Thursday, September 10, 2009

this old house Thursday: tapirgal's homestead

A couple of months ago I posted what I thought was Tapirgal's homestead.
Local historian, Charles Marchant, told me he thought I was one house off.
This, he believes, is the actual old Joy family residence.
Sorry to have mislead you, Tapirgal.

12 comments:

Jacob said...

I knew Tapirgal was from somewhere! ;-)

Glad you found the ol' homestead! It looks like a very nice place; which makes sense, 'cause she's a very nice person.

And so are you! Have a great day!

Angela Robak said...

Looks like a place you'd call a "homestead" as I'd bet there have been many happy moments here over the years.

Clueless in Boston said...

How appropriate with a photographer's shingle hanging out too.

tapirgal said...

Brattcat, I got up late, but now I'm here and very excited! The other didn't quite feel right, but this one does. (Also, I corresponded with Charles Marchant in the past when I had time for genealogy! A nice blast from the past, and please thank him.) I have old letters from the time, which I'll try to find this weekend. I have so many old letters, I'll need to find the ones that mention this house. The Joy family had 3 children, both parents, and they took in boarders who attended Leland Seminary School and/or helped on the farm, so they would have had good use for a big house. I gathered it was good-sized. Thank you SO much for your sleuthing. This is fantastic!

Cezar and Léia said...

I guess people who open their houses for students (or whoever is willing to give a hand with the work) must be very nice fellows!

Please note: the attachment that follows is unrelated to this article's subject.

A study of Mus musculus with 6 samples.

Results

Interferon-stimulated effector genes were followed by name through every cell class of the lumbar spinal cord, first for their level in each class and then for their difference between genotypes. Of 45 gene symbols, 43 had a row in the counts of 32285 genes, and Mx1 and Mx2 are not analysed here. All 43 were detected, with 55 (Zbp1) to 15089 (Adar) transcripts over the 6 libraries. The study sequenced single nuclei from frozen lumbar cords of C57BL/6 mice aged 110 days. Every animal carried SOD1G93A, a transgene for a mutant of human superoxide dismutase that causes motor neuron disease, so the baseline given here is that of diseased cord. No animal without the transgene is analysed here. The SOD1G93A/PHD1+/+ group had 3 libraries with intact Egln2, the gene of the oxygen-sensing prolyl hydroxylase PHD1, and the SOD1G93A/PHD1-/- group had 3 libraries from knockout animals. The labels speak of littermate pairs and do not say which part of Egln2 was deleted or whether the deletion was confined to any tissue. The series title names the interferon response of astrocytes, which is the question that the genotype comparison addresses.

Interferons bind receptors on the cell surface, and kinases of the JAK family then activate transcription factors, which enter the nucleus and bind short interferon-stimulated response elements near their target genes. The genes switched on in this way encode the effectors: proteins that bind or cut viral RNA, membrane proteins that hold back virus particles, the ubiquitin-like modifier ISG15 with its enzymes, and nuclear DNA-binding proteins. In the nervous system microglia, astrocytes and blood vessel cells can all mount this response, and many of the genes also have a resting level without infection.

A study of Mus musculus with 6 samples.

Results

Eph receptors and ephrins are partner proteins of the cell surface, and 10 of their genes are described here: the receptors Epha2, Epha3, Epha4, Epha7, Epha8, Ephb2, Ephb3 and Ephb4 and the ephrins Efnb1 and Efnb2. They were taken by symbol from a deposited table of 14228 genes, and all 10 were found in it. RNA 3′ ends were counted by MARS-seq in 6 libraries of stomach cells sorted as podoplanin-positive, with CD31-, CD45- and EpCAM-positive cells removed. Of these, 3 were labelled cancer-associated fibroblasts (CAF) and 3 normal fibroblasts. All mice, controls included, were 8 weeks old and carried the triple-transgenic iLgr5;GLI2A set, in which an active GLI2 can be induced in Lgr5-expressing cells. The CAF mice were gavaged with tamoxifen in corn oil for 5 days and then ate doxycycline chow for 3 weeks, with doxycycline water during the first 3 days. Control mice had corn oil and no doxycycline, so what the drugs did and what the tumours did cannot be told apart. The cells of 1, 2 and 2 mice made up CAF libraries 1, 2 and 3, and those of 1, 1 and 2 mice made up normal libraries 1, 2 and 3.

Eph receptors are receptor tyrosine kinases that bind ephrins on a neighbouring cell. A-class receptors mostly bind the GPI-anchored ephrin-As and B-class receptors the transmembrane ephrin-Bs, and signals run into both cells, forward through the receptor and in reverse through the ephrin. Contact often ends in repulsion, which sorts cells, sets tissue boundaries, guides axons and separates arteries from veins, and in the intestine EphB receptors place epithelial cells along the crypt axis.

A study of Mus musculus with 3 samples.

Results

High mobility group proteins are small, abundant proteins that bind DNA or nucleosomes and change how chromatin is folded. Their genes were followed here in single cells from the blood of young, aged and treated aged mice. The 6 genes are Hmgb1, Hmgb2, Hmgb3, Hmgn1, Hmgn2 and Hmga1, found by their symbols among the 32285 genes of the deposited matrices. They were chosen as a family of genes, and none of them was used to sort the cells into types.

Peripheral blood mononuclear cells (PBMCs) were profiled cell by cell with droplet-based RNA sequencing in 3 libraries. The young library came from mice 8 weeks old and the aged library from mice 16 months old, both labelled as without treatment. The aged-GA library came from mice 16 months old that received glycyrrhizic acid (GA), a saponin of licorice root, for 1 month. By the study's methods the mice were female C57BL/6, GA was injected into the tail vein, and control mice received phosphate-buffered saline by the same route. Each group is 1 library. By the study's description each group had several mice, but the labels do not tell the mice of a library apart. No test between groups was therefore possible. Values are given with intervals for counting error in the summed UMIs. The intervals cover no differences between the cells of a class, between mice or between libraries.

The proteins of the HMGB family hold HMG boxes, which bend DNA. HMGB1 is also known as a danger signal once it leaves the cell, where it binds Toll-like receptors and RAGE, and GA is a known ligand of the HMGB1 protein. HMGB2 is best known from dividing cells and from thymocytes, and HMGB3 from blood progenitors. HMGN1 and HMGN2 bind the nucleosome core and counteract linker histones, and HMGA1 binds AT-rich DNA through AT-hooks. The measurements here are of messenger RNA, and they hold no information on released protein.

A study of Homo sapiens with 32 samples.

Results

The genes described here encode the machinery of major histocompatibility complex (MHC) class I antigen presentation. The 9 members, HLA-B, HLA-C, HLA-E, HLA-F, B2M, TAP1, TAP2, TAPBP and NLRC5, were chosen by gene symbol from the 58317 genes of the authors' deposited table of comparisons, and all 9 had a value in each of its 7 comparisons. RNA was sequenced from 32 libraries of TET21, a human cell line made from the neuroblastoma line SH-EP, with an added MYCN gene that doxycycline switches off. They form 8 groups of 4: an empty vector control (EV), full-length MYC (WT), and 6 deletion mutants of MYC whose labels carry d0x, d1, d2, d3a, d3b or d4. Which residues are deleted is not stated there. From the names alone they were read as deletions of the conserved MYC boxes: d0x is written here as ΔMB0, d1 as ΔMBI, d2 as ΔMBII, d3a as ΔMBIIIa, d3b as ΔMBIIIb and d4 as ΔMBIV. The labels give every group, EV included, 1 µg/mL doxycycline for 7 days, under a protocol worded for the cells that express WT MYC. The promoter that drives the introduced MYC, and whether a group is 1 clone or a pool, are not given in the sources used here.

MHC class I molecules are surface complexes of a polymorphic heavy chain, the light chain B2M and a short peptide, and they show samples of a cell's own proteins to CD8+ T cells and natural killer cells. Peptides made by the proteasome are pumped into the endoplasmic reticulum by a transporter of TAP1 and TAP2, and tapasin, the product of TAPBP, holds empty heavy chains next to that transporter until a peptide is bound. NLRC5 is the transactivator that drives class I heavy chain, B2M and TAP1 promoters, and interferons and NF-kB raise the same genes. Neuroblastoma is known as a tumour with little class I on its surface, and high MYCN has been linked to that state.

God bless you!
Cezar

tapirgal said...

My ancestors sold this property and left Vermont in the late 1850s or early 1860s and moved west to follow their two sons, who were in Iowa. They were going through hard economic times then, too, and it took William forever to sell his livestock, with many trips to Boston to do so, then they had to sell the property. They had refused to let their daughter, Helen, travel west with her new husband (N.C. Hudson, one of their boarders who had become a family friend and had studied law and become a fairly famous frontier lawyer in Sioux City). Poor Helen had a fit, and they teased her that she had no husband, after not allowing her to go west with him, saying it was too rough out there and they would all move west "soon." Then they delayed and delayed. Her new husband was in a law practice with her brother out west. I have it all in the old letters from the time. It's quite a story, which I'm preparting to put on another blog as I work on it. I'll keep you posted when there's something online to read. Thanks again, Brattcat! Yes, the homestead has a lot of history for me.

tapirgal said...

Cesar, I'm sure they were nice people, but they also charged boarding fees. Some, like N.C. Hudson were both student and farm worker, and he did pay a boarding fee from his wages.

tapirgal said...

Brattcat, I hope you don't mind, but I've used the photo on my personal blog with full credit to you and a link back:

http://sheryltodd.blogspot.com/2009/09/brattcat-finds-our-townshend-ancestral.html

Birdman said...

Kitty-
I have found 'in life, to be one off' ain't all that bad. Beautiful homestead.

Vogon Poet said...

This is a very nice story, I appreciate both the post and the comments and I'm glad Tapirgal found her home!

Unseen Rajasthan said...

This is so beautiful !!I loved this one..Thanks for sharing..Unseen Rajasthan

slim said...

"Home Sweet Home". What I find most compelling in this post is one blogger helping another and pursuing the hunt to the very end. Well done, Brattcat!